By Marcie Geffner · Bankrate.com
Thursday, May 30, 2013
Posted: 6 am ET

Millennials, also known as Generation Y or echo boomers, understand the importance of saving but are struggling with burdensome or overwhelming debt.

That's one clear conclusion of a new survey of 1,414 people, age 22 to 32. The survey was conducted by Market Probe, a market research firm in Milwaukee for San Francisco-based Wells Fargo & Co., a financial services company with $1.4 trillion in assets.

Here's a summary of the relevant findings.

• As much as 54 percent of millennials said debt was their largest financial concern.

• About 61 percent viewed themselves as savers.

• Roughly 49 percent said they'd started to save for retirement.

• Another 51 percent said they hadn't started to save for retirement but planned to do so by the median age of 30.

• About 57 percent said their parents had the most influence over the way they viewed money.

• As much as 78 percent said they learned "a great deal" or "somewhat" about personal finance from their parents.

• Roughly 60 percent said they were most likely to consult their parents for advice about investing money.

• Of those who'd started saving, 34 percent said they did so because they realized starting early could result in a bigger nest egg in the future, and 29 percent said they were motivated by access to an employment-based retirement plan.

• Of those who'd not yet started saving, 53 percent said they were overwhelmed by debt and 87 percent said they didn't have enough money to start saving or wanted to pay off debt first. Being overwhelmed by debt was slightly more pressing for women, at 55 percent, than it was for men, at 51 percent.

Karen Wimbish, director of retail retirement at Wells Fargo, said in a statement that millennials who save early and regularly and who put aside as much money as they can will benefit from the power of compounding and ultimately feel more confident about their financial future.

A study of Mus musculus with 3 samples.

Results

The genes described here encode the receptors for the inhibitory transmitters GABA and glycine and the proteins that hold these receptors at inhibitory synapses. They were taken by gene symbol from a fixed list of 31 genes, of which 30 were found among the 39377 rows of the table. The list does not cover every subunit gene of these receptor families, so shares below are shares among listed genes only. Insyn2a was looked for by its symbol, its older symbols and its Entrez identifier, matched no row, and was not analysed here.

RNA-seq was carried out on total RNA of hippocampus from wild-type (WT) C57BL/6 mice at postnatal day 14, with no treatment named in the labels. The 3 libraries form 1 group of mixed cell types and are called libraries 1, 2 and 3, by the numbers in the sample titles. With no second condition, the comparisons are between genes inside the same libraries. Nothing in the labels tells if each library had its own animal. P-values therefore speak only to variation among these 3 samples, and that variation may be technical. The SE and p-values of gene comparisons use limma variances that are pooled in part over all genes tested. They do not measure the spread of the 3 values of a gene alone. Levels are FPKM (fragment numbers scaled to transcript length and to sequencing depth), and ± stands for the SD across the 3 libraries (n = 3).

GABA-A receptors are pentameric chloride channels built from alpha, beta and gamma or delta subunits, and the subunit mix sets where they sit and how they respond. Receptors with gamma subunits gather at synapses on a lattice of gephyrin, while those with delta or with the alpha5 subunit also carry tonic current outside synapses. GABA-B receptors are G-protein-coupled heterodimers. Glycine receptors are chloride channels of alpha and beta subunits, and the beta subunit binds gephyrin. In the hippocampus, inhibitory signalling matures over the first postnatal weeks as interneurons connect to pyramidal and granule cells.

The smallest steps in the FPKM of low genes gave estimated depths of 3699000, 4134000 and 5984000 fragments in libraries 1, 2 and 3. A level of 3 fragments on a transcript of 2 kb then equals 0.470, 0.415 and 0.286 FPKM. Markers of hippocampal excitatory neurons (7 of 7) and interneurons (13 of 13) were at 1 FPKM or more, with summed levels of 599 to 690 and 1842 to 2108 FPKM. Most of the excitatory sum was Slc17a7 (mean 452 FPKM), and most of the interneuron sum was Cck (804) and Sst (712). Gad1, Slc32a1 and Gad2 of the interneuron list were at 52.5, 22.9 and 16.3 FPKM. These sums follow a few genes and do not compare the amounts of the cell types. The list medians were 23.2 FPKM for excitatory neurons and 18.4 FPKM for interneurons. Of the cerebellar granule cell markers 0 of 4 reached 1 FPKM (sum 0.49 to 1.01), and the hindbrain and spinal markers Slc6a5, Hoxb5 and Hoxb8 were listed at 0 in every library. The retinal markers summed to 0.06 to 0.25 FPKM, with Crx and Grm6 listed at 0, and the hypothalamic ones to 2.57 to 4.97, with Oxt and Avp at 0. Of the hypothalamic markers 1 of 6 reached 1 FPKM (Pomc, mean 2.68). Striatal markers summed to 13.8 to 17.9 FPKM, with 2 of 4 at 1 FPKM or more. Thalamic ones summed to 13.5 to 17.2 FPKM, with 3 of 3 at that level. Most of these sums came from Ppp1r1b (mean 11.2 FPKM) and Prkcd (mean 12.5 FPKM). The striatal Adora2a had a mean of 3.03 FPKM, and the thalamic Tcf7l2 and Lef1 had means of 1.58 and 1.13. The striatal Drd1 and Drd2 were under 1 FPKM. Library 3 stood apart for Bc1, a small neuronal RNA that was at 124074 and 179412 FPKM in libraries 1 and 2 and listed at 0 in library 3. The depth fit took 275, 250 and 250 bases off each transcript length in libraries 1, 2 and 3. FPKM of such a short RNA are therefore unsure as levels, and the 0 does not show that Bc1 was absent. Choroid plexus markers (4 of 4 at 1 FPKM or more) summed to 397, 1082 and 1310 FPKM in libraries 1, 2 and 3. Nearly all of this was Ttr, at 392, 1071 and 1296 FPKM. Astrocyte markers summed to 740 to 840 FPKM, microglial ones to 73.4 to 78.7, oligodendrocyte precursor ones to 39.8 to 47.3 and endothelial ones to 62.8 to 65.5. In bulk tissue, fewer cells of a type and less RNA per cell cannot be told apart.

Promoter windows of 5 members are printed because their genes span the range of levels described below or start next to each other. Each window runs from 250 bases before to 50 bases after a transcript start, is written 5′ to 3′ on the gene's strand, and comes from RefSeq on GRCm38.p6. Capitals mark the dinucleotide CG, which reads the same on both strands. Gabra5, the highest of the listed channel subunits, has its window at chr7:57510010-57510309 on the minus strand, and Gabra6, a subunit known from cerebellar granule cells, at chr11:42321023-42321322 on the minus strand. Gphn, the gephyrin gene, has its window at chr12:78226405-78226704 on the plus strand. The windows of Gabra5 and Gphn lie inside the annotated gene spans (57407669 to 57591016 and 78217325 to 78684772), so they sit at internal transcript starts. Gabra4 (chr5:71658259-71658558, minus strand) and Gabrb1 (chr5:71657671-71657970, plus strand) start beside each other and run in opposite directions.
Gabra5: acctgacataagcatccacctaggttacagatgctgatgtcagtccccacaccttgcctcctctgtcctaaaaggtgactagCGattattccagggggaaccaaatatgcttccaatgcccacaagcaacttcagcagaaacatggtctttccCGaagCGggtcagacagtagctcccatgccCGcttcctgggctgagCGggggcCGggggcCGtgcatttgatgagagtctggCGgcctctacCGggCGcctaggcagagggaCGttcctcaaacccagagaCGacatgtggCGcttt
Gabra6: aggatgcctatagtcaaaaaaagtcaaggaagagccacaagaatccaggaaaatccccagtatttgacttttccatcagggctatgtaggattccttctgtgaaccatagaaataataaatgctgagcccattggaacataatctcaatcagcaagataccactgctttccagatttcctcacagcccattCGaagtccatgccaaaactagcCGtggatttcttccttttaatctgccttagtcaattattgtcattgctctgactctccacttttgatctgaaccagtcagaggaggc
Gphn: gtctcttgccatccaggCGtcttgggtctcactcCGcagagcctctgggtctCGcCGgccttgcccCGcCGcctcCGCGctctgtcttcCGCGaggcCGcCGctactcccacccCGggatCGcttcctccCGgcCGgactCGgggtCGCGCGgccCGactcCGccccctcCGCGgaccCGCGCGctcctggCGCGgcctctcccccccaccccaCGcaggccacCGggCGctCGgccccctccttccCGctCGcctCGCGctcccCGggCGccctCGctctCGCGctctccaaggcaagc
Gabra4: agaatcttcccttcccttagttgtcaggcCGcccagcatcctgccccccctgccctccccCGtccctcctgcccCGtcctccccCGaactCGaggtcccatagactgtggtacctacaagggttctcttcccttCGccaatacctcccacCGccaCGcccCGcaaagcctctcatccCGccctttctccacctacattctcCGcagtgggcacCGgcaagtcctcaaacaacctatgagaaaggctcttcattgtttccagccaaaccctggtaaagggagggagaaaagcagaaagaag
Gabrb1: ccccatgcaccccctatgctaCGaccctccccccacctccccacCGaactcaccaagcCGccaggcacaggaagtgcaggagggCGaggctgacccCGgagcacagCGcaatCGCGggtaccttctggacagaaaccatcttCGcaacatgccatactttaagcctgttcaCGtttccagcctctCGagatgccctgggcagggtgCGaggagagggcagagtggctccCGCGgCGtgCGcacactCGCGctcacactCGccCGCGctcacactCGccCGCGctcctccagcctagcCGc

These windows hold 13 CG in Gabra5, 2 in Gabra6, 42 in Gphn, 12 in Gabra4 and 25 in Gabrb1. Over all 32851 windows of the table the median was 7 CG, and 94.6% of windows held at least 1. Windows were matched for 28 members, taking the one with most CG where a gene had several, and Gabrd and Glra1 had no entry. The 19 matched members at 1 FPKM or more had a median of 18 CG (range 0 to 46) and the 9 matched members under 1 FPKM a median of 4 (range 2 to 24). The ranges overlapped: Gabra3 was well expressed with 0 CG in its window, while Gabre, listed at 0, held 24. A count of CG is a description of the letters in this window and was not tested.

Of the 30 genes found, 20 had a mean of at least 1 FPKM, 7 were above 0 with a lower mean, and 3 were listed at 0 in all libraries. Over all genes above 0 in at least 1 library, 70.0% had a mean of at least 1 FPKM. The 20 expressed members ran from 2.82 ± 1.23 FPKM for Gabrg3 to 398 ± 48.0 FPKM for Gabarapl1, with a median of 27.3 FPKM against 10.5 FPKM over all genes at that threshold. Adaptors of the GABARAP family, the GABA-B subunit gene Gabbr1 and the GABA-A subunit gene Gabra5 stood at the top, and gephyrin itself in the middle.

"I can't stress enough how important it is for this generation to start saving now. The benefits of starting young can't be recreated later," Wimbish said.

How much are you saving for retirement? Did you start saving early or wait until later in life?

Follow me on Twitter: @marciegeff.

astonisher
June 04, 2013 at 2:23 pm

Hopefully, millenials won't be savaged by a lost decade of "money not working for you" that older folks have been savaged by due to greed and plunder. Wouldn't it be nice if their generation had a better ethical set than today's financial engineers and corporatists. Unfortunately, the successors are raised in a corrupt system that requires matching behavior to rise the the top floor office. When they see that morally bankrupt guys like Chase's Dimon can oversee mega-billion dollar scandals and get rewarded with keeping Chairman and CEO jobs AND get a raise, it's hard to see hope.

Patrick
May 30, 2013 at 11:05 am

I'm 27 and started saving 14% of my annual income at the age of 24 (employer 401k and employer pension benefits combined with my personal contributions). I'm very confident in my financial future if I can continue saving at this rate into the future.

I learned a great deal about financials from my parents (zero taught at school). My parents have always stressed the notion of making money work for you.